Looking for and at art

We usually walk with a purpose, and, no, it’s not just for exercise. We discovered some time ago that there’s a lot to see along the way for those who look and observe.

Our walks along the Huron River offered us many artful sightings, but we judged this one our favorite:

DSC03758 - Version 2

Clinging to the branch of the tree, just off the path

A few days ago we set off with our friend, Nancy, on a long walk to see “real” art in Ann Arbor at the University of Michigan Museum of Art.

Who knew how telling it was that the old museum (right) and the new wing (left) would have such a far-ranging collection?

Who knew how telling it was that the old museum (right) and the new wing (left) would have such a far-ranging collection?

We started our tour in a room of glass cases, each containing thoughtfully grouped pieces, but no printed labels to be found.

We started our tour in a room of glass cases, each containing thoughtfully grouped pieces, but no printed labels to be found.

We carefully studied the small pieces and found one after another that we quite liked and wanted to know more about them.

We carefully studied the small pieces and found one after another that we quite liked and wanted to know more about them.

The answers waited for us just a few computer clicks and scrolls away on terminals in the center of the room. The artist, title, and date popped up in a minute, but no other information. It’s a great idea, but we think it needs a little more work to be truly useful.

Louis Comfort Tiffany, Firescreen from the entrance hall of the Henry O. Havemeyer house, 1890-91. We thought the Tiffany glass display outstanding.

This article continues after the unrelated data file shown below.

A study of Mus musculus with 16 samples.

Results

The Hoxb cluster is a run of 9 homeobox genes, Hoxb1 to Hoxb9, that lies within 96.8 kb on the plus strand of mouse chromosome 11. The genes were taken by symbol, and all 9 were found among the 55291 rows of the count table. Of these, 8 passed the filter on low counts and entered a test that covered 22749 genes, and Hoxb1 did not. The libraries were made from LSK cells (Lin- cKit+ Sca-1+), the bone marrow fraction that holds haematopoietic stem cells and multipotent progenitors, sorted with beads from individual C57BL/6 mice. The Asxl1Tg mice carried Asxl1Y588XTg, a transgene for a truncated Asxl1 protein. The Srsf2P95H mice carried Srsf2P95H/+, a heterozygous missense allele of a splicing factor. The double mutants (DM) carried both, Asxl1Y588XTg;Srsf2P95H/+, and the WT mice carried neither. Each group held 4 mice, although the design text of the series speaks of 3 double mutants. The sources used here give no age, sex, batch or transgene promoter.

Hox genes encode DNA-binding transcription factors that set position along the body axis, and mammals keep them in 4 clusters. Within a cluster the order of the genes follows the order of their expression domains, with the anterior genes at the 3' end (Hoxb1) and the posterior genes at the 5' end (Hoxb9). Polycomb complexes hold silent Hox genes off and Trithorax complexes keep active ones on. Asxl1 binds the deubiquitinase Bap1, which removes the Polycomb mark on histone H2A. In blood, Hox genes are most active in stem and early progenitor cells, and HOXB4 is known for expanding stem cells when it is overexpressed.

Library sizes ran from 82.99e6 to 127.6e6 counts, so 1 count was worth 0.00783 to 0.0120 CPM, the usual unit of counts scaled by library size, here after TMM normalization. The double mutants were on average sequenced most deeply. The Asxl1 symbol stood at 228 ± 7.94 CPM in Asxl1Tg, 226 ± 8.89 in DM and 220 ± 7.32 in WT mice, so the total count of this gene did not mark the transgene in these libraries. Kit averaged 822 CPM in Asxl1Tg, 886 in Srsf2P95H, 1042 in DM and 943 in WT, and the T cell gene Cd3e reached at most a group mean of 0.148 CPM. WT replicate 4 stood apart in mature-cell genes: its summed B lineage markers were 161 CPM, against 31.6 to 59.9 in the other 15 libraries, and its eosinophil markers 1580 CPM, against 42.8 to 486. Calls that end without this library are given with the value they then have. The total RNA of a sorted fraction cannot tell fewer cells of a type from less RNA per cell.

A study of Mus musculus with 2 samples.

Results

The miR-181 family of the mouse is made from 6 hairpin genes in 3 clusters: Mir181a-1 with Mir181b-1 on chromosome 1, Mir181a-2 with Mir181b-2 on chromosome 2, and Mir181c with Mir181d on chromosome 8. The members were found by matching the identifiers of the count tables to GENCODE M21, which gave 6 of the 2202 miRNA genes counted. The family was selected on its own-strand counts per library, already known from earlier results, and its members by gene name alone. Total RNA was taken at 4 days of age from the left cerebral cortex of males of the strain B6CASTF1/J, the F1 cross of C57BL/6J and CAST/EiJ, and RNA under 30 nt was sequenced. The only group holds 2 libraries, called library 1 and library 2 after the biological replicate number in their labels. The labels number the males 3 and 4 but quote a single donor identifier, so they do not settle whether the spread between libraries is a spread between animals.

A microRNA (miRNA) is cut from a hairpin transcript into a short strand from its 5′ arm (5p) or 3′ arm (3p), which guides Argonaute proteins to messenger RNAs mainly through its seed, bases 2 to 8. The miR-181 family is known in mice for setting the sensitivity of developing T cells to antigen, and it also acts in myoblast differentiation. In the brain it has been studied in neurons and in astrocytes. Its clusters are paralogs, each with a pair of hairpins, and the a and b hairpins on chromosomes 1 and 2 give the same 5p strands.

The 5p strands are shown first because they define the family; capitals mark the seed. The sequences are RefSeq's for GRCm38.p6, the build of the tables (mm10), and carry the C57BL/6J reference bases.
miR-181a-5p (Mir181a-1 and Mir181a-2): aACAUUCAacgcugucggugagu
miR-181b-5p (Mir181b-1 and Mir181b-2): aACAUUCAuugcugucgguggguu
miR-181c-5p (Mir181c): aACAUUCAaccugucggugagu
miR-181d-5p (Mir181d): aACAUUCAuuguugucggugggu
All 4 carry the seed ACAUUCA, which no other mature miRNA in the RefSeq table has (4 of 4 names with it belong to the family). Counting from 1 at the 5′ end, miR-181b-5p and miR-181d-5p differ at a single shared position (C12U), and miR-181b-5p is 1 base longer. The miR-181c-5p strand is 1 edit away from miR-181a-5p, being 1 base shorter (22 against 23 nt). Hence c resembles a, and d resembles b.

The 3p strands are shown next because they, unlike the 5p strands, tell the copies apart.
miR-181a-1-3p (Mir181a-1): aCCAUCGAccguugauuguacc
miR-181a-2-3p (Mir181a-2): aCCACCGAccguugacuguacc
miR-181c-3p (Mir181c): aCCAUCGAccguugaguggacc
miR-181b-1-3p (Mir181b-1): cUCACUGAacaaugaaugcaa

Louis Comfort Tiffany, Firescreen from the entrance hall of the Henry O. Havemeyer house, 1890-91. We thought the Tiffany glass display outstanding.

Richard Diebenkorn, Ocean Park No. 52, 1972

Richard Diebenkorn, Ocean Park No. 52, 1972

The art collection was far-ranging for such a small museum, but, at times, the transition was a bit jarring as we moved from one collection to the next.   Still, it was a grand day viewing art in and out of the museum.

 

October 2015

 

About simpletravelourway

Beth and Joe enjoy simple travel.
This entry was posted in US - miscellaneous and tagged , , , , , . Bookmark the permalink.

4 Responses to Looking for and at art

  1. icelandpenny says:

    You do this so well — you take time to look and then take time to see what you are looking at.

  2. It would be interesting to know the story or inspiration behind these pieces.

  3. We’re supposed to guess, right? I think your favorite photo is the underside of a mushroom clinging to that tree.